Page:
In light of tax season officially ending today (April 18th), we wanted to help you get a head start for a successful tax year in 2023!
One of the tax strategies we see underutilized is around children and their earned and unearned income. We’re going to explore what the Kiddie Tax is and some useful strategies parents can implement to help reduce their tax burden.
Firstly, there are two types of income that are important when figuring out your unique tax situation: earned and unearned. Earned income comes from your child when they have a part-time job and perform some kind of labor.
For 2023, the standard deduction for a child is total earned income plus $400, up to a maximum of $13,850. This means that your child can make up to $13,850 in earned income without having to pay any taxes. However, things change if your child has unearned income. In that case, you can figure out your child’s taxable income using the following formula:
And this is where the Kiddie Tax comes in.
The Kiddie Tax is a special tax law describing how the IRS treats children’s unearned income. Prior to 1986, parents could give assets, such as stock, to their children, and any income derived from those investments would be taxed at the children’s (presumably) lower tax rate.
It limits how much parents can give before paying their own higher tax rates on the unearned income derived from the assets they gifted. Unearned income includes dividends, interest, capital gains, and other forms of compensation not classified as labor.
In 2023, the first $1,250 of your child’s unearned income will be tax-free. The next bracket is between $1,250 and $2,500. Those funds will be taxed at the child’s marginal tax rate. Anything over $2,500 is taxed at the parent’s marginal tax rate.
Let’s use an example. Jake is a 16-year-old high school student who has some investments in his name. In 2023, Jake receives $4,000 in unearned income from bonds he got when he was younger and dividends from stocks. His parents have a marginal tax rate of 32%.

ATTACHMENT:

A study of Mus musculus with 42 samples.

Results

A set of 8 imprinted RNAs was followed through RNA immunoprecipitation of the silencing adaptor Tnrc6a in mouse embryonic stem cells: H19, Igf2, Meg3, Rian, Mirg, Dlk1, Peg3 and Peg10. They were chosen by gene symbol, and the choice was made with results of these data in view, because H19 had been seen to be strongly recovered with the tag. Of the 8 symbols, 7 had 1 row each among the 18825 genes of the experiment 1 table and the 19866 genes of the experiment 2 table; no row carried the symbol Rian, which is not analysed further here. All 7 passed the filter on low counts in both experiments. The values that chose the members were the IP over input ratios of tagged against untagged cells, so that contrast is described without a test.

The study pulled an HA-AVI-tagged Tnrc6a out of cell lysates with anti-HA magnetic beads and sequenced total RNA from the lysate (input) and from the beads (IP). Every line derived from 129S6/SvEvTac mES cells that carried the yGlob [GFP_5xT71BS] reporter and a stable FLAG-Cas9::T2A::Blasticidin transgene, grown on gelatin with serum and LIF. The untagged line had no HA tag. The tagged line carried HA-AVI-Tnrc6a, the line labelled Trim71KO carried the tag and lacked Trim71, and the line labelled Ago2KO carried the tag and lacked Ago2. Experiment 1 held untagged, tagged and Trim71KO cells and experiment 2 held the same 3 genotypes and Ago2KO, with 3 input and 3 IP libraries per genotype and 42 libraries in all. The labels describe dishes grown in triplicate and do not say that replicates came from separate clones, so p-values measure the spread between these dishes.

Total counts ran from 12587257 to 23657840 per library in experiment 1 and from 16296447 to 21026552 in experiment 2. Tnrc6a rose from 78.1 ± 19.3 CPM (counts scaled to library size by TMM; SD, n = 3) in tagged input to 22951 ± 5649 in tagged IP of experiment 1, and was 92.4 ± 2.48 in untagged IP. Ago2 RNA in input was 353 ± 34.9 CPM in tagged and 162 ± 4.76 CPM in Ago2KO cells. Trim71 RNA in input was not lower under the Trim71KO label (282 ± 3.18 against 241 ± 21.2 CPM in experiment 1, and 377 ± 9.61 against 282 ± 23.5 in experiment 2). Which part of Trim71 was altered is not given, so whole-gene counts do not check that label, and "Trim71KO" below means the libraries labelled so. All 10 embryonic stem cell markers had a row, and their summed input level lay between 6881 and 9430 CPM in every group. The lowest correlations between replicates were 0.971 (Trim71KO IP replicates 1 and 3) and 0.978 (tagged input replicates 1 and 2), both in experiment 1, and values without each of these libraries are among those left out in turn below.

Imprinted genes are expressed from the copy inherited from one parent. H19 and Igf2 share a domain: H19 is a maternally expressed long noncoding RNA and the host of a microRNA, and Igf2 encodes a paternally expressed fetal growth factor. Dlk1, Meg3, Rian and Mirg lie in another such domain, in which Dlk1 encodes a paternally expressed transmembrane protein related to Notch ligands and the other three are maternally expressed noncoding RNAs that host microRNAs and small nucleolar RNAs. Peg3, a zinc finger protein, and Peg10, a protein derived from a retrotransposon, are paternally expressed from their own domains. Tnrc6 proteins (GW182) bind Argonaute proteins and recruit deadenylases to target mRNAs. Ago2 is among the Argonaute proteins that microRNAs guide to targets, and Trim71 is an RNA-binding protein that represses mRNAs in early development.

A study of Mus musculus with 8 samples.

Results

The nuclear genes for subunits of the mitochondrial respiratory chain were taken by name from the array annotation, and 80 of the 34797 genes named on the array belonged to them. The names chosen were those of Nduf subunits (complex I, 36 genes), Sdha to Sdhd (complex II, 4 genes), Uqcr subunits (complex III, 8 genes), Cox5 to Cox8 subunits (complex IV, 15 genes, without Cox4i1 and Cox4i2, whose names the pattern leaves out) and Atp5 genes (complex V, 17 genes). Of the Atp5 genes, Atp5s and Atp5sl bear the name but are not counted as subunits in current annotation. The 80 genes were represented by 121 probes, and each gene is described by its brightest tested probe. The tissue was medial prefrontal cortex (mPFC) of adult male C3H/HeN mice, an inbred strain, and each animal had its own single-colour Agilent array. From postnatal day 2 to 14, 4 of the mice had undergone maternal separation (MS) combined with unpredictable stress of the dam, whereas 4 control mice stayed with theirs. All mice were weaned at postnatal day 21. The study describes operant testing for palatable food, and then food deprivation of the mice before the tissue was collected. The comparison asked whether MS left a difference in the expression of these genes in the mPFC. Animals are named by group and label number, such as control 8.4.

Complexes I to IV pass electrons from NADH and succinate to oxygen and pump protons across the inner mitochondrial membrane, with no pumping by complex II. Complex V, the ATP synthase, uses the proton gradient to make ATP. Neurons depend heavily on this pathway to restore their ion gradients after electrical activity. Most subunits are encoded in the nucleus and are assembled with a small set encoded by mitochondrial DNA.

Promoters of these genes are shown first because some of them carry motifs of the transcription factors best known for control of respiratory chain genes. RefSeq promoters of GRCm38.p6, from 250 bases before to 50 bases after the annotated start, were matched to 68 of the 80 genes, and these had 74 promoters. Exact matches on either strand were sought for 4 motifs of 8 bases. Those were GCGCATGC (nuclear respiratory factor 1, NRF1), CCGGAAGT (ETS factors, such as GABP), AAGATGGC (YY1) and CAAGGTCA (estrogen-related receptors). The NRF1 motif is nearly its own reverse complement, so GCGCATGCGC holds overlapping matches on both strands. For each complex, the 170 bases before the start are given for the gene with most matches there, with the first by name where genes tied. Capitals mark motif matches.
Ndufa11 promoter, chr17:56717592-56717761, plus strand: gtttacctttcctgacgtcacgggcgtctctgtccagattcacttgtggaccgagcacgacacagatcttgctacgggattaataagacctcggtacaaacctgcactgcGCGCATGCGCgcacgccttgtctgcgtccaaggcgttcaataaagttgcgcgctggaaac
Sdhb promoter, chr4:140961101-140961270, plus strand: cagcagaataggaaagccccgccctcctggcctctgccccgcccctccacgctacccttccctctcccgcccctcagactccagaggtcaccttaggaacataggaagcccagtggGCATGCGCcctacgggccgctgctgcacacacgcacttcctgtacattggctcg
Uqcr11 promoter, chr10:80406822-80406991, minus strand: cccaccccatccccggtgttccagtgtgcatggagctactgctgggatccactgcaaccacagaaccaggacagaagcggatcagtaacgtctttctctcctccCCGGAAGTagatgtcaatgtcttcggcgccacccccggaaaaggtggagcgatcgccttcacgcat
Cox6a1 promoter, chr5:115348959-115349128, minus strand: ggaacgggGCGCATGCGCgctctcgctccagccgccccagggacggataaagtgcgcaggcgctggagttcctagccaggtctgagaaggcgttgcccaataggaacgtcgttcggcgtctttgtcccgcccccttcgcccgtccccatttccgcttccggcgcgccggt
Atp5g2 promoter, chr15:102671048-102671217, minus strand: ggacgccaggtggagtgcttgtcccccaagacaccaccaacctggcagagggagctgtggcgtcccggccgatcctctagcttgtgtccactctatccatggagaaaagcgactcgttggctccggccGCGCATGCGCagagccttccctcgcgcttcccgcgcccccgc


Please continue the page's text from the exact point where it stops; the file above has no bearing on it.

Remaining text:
Now, if Jake worked a side job, those numbers would change. In that case, it is advised you seek out the services of a tax professional as things get complicated.
The Kiddie Tax by itself doesn’t provide a huge benefit. Still, you can combine it with other tax-saving investments and strategies that together can significantly reduce your tax burden while providing a return on investment.
Funds put into a 529 plan may not be tax deductible, but any assets purchased in them grow tax-free, keeping your child’s unearned income to a minimum. And even though distributions may not be deductible, they may fit into a gift strategy as part of an overall tax reduction strategy.
Again, Roth distributions are post-tax, but all earnings are tax-free. Therefore, like a 529, they reduce your child’s taxable unearned income.
Municipal bonds are often tax-free, even at the state and municipal levels.
Jake’s parents, the Smiths, have $100,000 for investments, but they want to keep taxes to a minimum. Keeping the Kiddie Tax in mind and working with a financial advisor, they develop a comprehensive investment strategy to build their investments tax-efficiently while also setting their children up for financial success.
Firstly, they fund a 529 savings plan and begin funding it. Next, they open up Custodial Roth IRA accounts and Custodial Brokerage Accounts. The children can place their earned income into the Roth account and purchase dividend-bearing and growth assets. The capital gains won’t be included in the child’s taxable unearned income, which may be taxed at the parent’s rate.
Next, they purchase a series of municipal bonds that grow in value over time. They carefully select bonds that grow tax-free so there isn’t a chance that their unearned income can push them over the kiddie tax threshold.
A child has many opportunities to utilize tax-free income. Firstly, up to $13,850 of earned income is tax-free and the first $1,250 of unearned income is tax-free. Secondly, children get a tax break with the next $1,250 of unearned income they receive. Anything after that, however, is taxed at the parent’s marginal tax rate.
Although the Kiddie Tax limits how much your children can benefit from their lower tax rate, there are still opportunities to capitalize on their tax advantages. An optimized kiddie tax strategy combined with a 529 college savings plan, a Roth IRA, and municipal bonds are great ways to keep overall taxes low. But this is only a partial list of ways to reduce overall taxable income. For example, you can utilize trusts and family partnerships to reduce your tax burden further.
A financial advisor can combine your complicated financial puzzle for a seamless and optimized tax-optimization strategy. Just click the button below.